The dangers of allowing a child near open flames or hot liquids are widely understood. Though they rarely receive the same level of attention, the dangers of toxic chemicals in the household are just as severe. Chemical burns can cause life-long health problems for children, especially when they affect sensitive areas such as eyes or lungs.
Childhood chemical burns are nearly always preventable. If your child has suffered one of these painful injuries as a result of the negligence of a caregiver or a defective product, you may be entitled to compensation from those responsible. Contact child chemical burn personal injury lawyer Jeff Killino at 877-875-2927 to learn more about your legal options.
Children are most likely to suffer severe chemical burns in the home. The leading causes of these painful injuries are faulty product packaging and inadequate supervision. Sudden explosions of electrical or heating products can also cause children to be splashed with dangerous chemicals. According to an article published by the American Academy of Pediatrics (AAP), some chemical and other burns are even caused by child abuse.
Parents need to make sure that all potentially dangerous products are correctly stored in clearly marked containers at the recommended temperatures. Common products widely associated with childhood chemical burns include:
- Drain cleaners
- Oven cleaners
- Battery acid
- Motor vehicle fluids, such as windshield wiper fluid and antifreeze
- Bleach (particularly when mixed with ammonia)
- Wet cement
Chemical Burn Consequences
All chemical burns require immediate medical attention. A severe chemical burn can have tragic consequences for an innocent child, including:
- Permanent scarring or disfigurement
- Vision impairment or even the loss of an eye
- The spread of dangerous infections
Legal Liability for Children’s Chemical Burns
Children’s chemical burns may be caused by someone’s negligence, by a defective or unreasonably dangerous product, or by an intentional act. Depending upon the circumstances, more than one individual or entity may be held liable for a child’s resulting injuries.
If your child’s chemical burn was caused by a defective product, the manufacturer and anyone in the chain of the product’s distribution may be held liable for your child’s injuries in a product-liability action. Product-liability actions related to products that cause chemical burns when touched by a child are often brought as failure to warn or defective packaging cases.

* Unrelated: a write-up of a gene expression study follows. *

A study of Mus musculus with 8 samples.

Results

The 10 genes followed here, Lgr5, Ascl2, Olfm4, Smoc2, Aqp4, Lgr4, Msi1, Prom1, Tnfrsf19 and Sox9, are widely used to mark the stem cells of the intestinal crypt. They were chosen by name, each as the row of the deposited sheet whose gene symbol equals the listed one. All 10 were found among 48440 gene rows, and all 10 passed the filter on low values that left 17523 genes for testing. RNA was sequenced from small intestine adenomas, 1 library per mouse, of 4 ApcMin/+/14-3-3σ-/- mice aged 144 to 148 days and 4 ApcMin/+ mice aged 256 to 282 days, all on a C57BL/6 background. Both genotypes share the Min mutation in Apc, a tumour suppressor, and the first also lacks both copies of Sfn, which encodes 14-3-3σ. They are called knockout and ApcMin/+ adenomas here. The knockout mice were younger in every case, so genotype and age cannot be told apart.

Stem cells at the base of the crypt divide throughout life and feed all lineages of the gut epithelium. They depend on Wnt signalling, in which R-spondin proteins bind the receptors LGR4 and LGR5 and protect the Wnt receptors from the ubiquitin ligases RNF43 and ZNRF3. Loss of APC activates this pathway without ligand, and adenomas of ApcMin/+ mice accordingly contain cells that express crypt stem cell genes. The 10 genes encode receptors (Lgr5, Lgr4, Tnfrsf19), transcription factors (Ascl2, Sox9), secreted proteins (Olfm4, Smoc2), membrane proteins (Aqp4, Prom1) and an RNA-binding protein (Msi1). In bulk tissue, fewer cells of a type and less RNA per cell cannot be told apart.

- Defective Packaging
The Consumer Product Safety Commission (CPSC) has recalled products due to defective packaging. If the ability to cause chemical burns is part of the nature of a product, it may be rendered unreasonably dangerous if its packaging is insufficient to keep children from gaining access to it. A container of drain opener that is easy to open by even the smallest child, for instance, may be held to be a defective product due to its defective packaging and result in liability in a product liability action on the part of the manufacturer and anyone in the chain of the product’s distribution.
- Failure to Warn
A product that has the ability to cause chemical burns may also be found defective in a product liability action as a result of the manufacturer’s or seller’s failure to warn of the product’s chemical-burn hazards. A defect may also be found to exist in such a product if adequate instructions for the product’s safe use have not been provided to the consumer.
If a child’s caregiver or supervisor negligently allows a child access to a product known to or reasonably knowable to the caregiver or supervisor to cause chemical burns, the caregiver or supervisor may be held liable for the child’s resultant injuries in an action for negligence.
The liability of such a caregiver or supervisor will depend upon the existence of a duty of care owed by the caregiver or supervisor to the particular child. Such a duty will generally be found to exist, for example, if the defendant is a babysitter, daycare center employee, teacher, or coach in whose care the child has been left.
- Liability of Daycare Center or School for Negligence of Its Employees
A daycare center, school, or other employer of a child’s supervisor may be held vicariously liable for the negligence of its employee under certain circumstances. Thus, vicarious liability may be attributed to an employer of a supervisor whose negligence was a cause of a child’s chemical-burn injury despite the absence of negligence on the part of the employer itself. In some cases, however, a public school or other public employer may be given complete or partial immunity from such liability pursuant to state statutory law.
An employer of a child’s supervisor may also be found directly rather than vicariously liable for a child’s chemical-burn injury that resulted from an employee’s negligence if the employer was negligent in the hiring, training, or retention of the negligent supervisor.
Child chemical burn lawyer Jeff Killino is an aggressive advocate for the rights of children who have suffered injuries due to the negligence of others. If your child has suffered a chemical burn injury due to the negligence of a caregiver or a defective product, contact attorney Killino at 877-875-2927 for experienced and dedicated assistance with your case.